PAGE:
Before Ethan was even diagnosed with Autism or Asperger's, we got the diagnosis of Sensory Processing Disorder. Sensory Processing Disorder is a neurological disorder, a virtual traffic jam of the brain. Information from all the senses are misinterpreted which can cause the child to misbehave. After receiving that diagnosis and starting to receive occupational therapy, we were taught several strategies to help his behavior at school. The best strategy being to stop the negative behavior before it started. We figured out the negative behaviors were due to over-stimulation and he simply was unable to tell us, or did not understand what was happening.
This is a bubble seat that we would put in his chair or he could move it to the carpet during story time. The cushion had little bumps on the surface and it was almost like he had to balance himself on it...that core work would somehow organize his brain and help him concentrate on his work or the story or whatever they were doing as a class. He used that from his preschool class up until the middle of 2nd grade when he told me he did not need it anymore. We just keep it at home now in one of the kitchen chairs that he sits in. But it was worth every penny I spent on it!
These are fidget toys. There are many different ones out there and they size, shape and type you buy will really depend on your child and what your child's teacher will allow them to have. We have had several different ones over the years. The first ones we had were like these. I think we got them at Cracker Barrell. He liked them because they were wooden and there was a string that ran up through the middle and you had to find the exact way to twist and bend them. We have also used squishy balls, balls that the eyes popped out, and things that are sticky and squeezy. It is really a personal thing and again, what the teacher will allow them to have.
This is a sign we printed up that the teacher would place on his desk when she would see him not paying attention. It tell him "STOP-What are you doing? What should you be doing?" We felt this was a better way to redirect him than to constantly have to call his name out. Since he is severely ADHD and at the time he was just start medication and we had not quite found the right dosage, his teachers were sensitive to the way his peers saw him. They did not want the other children to see him as the "bad kid." We also used a red card/green card system....just putting a red card on his desk when he was getting frustrated with his work as a sign to stop working and wait for the teacher or a green card as a sign that he needs to get to work. That also worked well.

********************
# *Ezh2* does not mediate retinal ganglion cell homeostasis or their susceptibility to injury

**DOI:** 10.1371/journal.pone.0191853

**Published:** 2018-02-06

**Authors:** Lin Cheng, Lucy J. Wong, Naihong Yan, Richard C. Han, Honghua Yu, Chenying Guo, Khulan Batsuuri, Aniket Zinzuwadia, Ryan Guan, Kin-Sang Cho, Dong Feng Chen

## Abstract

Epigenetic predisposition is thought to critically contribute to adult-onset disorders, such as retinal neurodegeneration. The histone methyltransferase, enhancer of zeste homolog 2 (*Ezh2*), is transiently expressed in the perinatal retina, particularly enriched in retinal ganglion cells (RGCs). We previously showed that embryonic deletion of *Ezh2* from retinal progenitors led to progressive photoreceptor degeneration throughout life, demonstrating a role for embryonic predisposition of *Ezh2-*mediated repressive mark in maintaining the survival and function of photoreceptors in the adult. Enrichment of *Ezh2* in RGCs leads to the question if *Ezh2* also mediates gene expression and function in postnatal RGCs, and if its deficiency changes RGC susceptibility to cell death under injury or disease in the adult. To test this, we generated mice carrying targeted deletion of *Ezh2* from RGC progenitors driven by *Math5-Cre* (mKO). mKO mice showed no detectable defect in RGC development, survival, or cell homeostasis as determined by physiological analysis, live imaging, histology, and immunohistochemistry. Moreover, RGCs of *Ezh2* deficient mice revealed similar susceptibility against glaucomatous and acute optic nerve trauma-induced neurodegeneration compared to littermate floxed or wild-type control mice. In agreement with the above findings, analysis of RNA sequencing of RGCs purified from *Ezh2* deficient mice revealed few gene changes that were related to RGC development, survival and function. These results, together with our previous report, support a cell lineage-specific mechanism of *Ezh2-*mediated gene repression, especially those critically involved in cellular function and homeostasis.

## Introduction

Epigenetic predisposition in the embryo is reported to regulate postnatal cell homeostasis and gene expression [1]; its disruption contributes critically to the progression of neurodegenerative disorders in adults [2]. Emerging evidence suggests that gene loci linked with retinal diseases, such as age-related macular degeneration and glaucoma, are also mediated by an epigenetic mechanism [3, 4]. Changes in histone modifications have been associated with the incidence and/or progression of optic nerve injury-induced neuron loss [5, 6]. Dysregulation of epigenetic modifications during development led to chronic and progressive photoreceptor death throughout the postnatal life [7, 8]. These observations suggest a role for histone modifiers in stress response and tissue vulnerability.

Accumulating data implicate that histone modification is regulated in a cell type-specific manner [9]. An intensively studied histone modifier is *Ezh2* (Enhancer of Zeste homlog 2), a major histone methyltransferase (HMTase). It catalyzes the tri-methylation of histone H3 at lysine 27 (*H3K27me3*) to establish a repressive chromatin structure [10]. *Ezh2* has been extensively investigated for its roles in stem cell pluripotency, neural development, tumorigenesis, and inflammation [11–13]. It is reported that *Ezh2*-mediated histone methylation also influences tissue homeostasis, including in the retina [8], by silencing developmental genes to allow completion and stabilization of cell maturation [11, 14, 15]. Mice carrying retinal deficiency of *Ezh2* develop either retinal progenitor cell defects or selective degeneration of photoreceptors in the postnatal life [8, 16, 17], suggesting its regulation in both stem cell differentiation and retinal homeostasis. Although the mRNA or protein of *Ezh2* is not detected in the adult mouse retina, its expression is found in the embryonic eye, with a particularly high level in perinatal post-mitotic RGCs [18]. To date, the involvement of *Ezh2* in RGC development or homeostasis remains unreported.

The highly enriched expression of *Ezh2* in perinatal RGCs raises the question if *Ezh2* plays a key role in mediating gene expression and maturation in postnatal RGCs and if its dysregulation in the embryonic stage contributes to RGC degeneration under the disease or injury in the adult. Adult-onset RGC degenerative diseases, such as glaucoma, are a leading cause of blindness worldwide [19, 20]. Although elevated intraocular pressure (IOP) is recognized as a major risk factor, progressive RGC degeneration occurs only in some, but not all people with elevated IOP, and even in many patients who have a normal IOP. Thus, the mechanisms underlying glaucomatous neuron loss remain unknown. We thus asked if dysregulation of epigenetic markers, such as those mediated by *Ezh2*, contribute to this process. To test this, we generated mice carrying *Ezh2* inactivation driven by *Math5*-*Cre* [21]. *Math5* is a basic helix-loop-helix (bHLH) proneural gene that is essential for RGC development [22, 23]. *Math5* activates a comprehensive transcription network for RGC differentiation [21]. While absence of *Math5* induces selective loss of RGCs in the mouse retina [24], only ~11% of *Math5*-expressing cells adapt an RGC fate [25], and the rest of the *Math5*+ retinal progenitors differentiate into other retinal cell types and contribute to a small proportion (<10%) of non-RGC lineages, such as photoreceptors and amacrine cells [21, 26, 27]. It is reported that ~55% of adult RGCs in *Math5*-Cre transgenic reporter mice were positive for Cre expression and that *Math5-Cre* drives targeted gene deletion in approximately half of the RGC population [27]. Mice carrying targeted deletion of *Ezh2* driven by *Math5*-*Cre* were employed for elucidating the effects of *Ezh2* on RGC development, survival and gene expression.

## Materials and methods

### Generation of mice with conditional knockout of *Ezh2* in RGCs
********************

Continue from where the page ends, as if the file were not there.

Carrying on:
Chair dips were a great way to work off some excess energy or frustration. Several of his teachers would just have the whole class do them. They work for all kids...and adults!
The same goes for Wall push-ups. Sometimes, he would do these when they came back from lunch. That would be a time when he was really over stimulated and really the whole class would be. All of them enjoyed the times that they got to participate with Ethan in these exercises.
By trial and error, we found that when it was time for his class to walk in a line, the best place for him to be was in the back. At the time, he was really into trains, so we would tell him that he was the caboose. Occasionally, he could be the engine...but he couldn't stand to be in the middle...so the caboose was best. He relished the job of making sure all the "cars," or kids, stayed in a row, the doors were shut, and lights were out. It was a very serious job for him!
Another strategy we found was the heavy backpack. We kept a backpack at school and loaded it down with books. At the time, he probably weighed 40-something lbs? So, we probably put between 5-7 lbs. of books in the backpack and zipped it up. When they would go out to the playground, he would carry the backpack. When they would go to the lunchroom, he would carry the backpack. If he was on the verge of a meltdown, his teacher had arranged to have a crate of books waiting by her door and she would ask Ethan to carry it down the hall to another classroom. In that classroom was another crate of books and that teacher had already been told to ask Ethan to take those books back to his classroom. This act of carrying something heavy back and forth reorganized his brain so that by the time he got back to his classroom, whatever he was upset about, is already forgotten about and he can get back to work. It worked very well.
Still, our go to when he gets upset is always "take a deep breath!" I always tell him that the oxygen cannot get to his brain if he is not breathing. He usually will start to calm down if he will just start to breathe.
Another great strategy is to use just a basic exercise ball to sit on while doing homework. Like the bubble seat, it works their core which somehow reorganizes their brain which helps their concentration. I know that there are some schools and EC classes that allow therapy balls in their classrooms. Our school do not allow that yet, but maybe someday they will. It really did help Ethan in so many way, and the ball is so versatile, whether it is for sitting on to do homework, for bouncing on, or to roll back and forth to get that proprioception need that they have at times.
For more information about Sensory Processing Disorder:
- The Ultimate Guide to Sensory Processing Disorder, Roya Ostovar
- Sensational Kids: Hope and Help for Children with Sensory Processing Disorder, Lucy Miller
- The Out of Sync Child: Recognizing and Coping with Sensory Processing Disorder, Carol Kranowitz
- Parenting a Child with Sensory Processing Disorder: A Family Guide to Understanding and Supporting Your Sensory-Sensitive Child, Christopher Auer, Susan Blumberg, Lucy Miller
Do you have any strategies for home or school that have worked for your child? Are there any books that have helped you?